Friday, September 2, 2011

Bats Like Birds; Hounds Of Hate; Madmen In Mirrors


Last night all around our house bats flew like birds. 

      "Free as a bird;" "free as a bat" -- the beauty and energy was entire and invigorating.

         My wife speculated that the bats were probably super-mobilized by a feeding frenzy resulting from insect relocation and surfacing caused by Hurricane Irene.

        I expect she's right about this (she usually is), but it's a little disturbing still.

       The grandeur of the bats' flight and the mild effects of vodka were able slightly to dispel the filth defiling the beautiful late-summer day, which cropped up in a morning posting on the "Hatebook" page of a noted rock critic/soi-disant lefty radical in the following form:
" We do have an evil Jew in Ohio who wants to be our next U.S. Senator, replacing a great progressive, Sherrod Brown."

       This post sort of oddly (that is to say, "out of context" oddly) appeared amid some online colloquy supposedly examining the Hatebook page-owner's profound query: "what life experience could have made Eric Cantor into such an uncharitable and inhuman fuck?"  The genesis of his question was  this Los Angeles Times article discussing the status of federal emergency appropriations for Hurricane Irene victims.  The story detailed in part how legislation providing such funds had already been passed in the (Republican) U.S. House of Representatives, but was currently being held up in the (Democratic) U.S. Senate and contained  what I considered to be innocuous, fairly predictable comments by House Majority Leader Eric Cantor (R-Virigina),  Sen. Roy Blunt (R-Missouri) and FEMA Administrator Craig Fugate.

        Unwisely (in retrospect), I commented that I thought the Hatebook page-owner had overreacted to the Times article in terms of what had actually been reported.

        This unleashed the Hounds of Hate.

          Amazingly, when I objected to the "evil Jew" interjection (which had been supplied, to my surprise, by a fairly well-known music critic residing in the Cleveland, Ohio area), not one of the enlightened participants in this particular grove of despair, self-love and self-righteousness joined in my remonstrance, including the Hatebook page-owner himself, an old acquaintance who happens to be Jewish, but who is, I assume (we've never discussed the subject), "secular" and therefore presumably "above it all."   To be fair, he did ask the members of his sick coven "to please leave religion out of this," but frankly I found his reaction and that request an inadequate remedy to the vileness of the remark.  In fact, his urging immediately prompted another of the pack members (call them "Fiends" to keep the Facebook/Hatebook analogy going) quickly to remark about Rep. Cantor himself:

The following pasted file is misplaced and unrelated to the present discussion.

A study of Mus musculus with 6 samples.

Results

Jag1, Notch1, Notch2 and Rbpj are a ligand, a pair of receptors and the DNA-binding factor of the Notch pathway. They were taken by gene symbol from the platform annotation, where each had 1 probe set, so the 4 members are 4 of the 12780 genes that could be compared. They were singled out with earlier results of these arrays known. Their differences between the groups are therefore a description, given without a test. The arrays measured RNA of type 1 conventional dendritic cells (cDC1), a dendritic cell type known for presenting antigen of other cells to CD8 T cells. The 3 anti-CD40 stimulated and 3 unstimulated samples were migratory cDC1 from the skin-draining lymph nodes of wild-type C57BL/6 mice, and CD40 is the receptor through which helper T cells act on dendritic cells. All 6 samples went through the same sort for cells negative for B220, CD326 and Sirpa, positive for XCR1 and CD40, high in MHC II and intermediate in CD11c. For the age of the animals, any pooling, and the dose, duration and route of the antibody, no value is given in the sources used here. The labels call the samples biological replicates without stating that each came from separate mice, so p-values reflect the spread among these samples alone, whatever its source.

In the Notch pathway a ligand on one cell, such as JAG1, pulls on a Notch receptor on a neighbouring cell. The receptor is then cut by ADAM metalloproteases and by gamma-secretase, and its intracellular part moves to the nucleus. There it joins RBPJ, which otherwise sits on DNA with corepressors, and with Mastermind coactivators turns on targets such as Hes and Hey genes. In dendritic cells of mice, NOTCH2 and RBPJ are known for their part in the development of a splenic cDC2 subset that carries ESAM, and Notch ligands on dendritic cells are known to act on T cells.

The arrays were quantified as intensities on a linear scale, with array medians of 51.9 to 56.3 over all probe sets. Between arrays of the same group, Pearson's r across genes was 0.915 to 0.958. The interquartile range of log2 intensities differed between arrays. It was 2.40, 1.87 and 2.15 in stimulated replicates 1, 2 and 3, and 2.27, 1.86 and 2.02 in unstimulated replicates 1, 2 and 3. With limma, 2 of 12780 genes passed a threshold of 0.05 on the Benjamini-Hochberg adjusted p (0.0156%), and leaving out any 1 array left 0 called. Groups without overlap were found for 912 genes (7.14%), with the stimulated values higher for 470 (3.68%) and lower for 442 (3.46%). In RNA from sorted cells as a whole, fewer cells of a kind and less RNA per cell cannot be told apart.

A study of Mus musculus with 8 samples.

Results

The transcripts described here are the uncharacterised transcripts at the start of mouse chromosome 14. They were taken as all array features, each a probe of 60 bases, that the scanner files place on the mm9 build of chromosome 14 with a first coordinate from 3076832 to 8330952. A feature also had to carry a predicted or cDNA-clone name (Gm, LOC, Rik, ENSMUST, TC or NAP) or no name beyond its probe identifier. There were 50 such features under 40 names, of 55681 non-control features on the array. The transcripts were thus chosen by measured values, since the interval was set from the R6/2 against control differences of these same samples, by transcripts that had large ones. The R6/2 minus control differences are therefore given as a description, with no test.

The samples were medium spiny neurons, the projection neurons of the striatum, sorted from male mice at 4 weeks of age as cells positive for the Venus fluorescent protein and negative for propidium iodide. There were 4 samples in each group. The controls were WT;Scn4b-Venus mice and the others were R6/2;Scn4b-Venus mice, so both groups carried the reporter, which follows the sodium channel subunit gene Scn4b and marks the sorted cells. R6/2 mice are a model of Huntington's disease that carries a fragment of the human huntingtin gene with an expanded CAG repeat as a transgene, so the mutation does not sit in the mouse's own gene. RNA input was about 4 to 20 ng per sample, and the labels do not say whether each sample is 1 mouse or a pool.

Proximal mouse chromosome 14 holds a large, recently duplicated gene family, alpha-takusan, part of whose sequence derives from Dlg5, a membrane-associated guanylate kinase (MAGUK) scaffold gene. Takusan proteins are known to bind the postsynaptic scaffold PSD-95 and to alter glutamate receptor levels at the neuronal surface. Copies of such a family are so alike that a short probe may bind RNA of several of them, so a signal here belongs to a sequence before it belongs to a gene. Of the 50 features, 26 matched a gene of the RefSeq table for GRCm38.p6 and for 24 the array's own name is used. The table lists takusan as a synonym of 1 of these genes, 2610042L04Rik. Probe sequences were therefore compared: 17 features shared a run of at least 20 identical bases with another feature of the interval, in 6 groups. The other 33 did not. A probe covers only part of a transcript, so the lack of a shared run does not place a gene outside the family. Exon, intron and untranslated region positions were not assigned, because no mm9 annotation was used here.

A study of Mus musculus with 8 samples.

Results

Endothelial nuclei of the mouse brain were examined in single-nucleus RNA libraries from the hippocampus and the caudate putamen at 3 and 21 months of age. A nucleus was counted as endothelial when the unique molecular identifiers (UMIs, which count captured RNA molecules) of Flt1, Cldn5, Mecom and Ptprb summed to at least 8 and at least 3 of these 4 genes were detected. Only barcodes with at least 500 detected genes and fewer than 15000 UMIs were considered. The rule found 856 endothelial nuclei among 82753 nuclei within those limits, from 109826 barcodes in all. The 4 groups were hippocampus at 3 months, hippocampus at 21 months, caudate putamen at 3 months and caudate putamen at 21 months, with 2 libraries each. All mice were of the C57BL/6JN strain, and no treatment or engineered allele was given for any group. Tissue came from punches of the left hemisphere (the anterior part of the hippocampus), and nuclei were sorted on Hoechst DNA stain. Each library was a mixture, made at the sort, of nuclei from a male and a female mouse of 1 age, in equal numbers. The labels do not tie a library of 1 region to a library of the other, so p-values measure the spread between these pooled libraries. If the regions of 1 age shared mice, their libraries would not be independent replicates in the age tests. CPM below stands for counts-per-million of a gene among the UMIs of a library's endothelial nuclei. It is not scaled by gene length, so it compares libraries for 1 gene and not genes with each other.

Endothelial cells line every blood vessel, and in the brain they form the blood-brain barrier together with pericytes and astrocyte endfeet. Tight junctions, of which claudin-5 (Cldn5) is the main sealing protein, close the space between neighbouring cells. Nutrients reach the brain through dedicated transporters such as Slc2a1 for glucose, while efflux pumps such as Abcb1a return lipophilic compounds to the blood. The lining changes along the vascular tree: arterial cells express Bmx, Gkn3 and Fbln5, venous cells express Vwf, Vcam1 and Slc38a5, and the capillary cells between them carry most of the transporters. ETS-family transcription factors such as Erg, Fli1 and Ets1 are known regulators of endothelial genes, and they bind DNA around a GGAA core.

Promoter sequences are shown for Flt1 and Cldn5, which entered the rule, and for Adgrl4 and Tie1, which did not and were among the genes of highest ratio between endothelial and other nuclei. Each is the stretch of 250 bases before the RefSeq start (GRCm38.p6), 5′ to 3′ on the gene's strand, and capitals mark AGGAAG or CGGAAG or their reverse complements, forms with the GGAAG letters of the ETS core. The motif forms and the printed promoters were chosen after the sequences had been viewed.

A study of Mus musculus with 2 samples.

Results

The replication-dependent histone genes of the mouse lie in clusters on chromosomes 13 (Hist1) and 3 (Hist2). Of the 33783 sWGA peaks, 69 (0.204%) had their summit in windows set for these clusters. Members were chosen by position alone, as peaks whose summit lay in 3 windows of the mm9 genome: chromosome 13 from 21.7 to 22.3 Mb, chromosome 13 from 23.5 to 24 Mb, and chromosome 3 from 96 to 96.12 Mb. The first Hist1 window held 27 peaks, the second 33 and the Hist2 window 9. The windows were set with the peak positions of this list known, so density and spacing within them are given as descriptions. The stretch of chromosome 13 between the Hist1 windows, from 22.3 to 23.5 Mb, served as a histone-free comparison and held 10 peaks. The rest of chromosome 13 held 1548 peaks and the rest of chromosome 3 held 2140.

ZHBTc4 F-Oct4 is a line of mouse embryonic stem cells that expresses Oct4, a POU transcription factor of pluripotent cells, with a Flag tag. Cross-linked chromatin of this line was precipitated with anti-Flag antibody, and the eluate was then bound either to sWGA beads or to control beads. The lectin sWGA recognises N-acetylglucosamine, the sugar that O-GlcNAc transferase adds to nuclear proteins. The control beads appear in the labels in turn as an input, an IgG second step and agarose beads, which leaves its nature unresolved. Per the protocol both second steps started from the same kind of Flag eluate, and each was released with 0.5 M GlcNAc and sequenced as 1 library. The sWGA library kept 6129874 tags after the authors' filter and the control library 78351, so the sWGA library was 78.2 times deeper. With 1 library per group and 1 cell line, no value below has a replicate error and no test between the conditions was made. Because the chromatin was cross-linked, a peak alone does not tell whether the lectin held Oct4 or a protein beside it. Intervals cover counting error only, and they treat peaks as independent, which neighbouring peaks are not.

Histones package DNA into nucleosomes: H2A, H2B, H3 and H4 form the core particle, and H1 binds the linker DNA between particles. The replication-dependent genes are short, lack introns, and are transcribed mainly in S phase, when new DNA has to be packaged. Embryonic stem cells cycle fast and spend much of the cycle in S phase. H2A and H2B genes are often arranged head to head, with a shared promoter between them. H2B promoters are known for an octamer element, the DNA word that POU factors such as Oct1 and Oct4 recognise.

"It's pretty clear he's ashamed of being Jewish and is still trying to assimilate with the Goyim and the southern anti-semites with his antics, and they are antics. He should just change his religion like that a-hole Chafetz and get on with it."   

        In the end, as enlightened and Manhattan-intellectual as I expect he considers himself to be, this particular Hatebook page-owner is just a member of the Angry Mob.  Based on his behavior here, I expect he would ignore and tolerate any injustice that didn't affect him personally that might draw his attention away from an existence of  self-regard and re-reviewing old Cheap Trick records.  

          Perhaps it's not completely his fault.  Perhaps the fault lies partly with Hatebook.  The "activity" there counterfeits authentic interpersonal interaction, i.e., behavior prompting empathy; behavior that has immediate and long-term personal consequences.  It resembles nothing so much as madmen mumbling to themselves in mirrors.  I was so relieved when my daughter voluntarily and without prompting removed herself from its grip.

         The rest is silence except for the bats' delightful flapping. I used to be scared of them, but then I realized they're fine. When they approach close, it's amazing.  It's everyone else I'm scared of.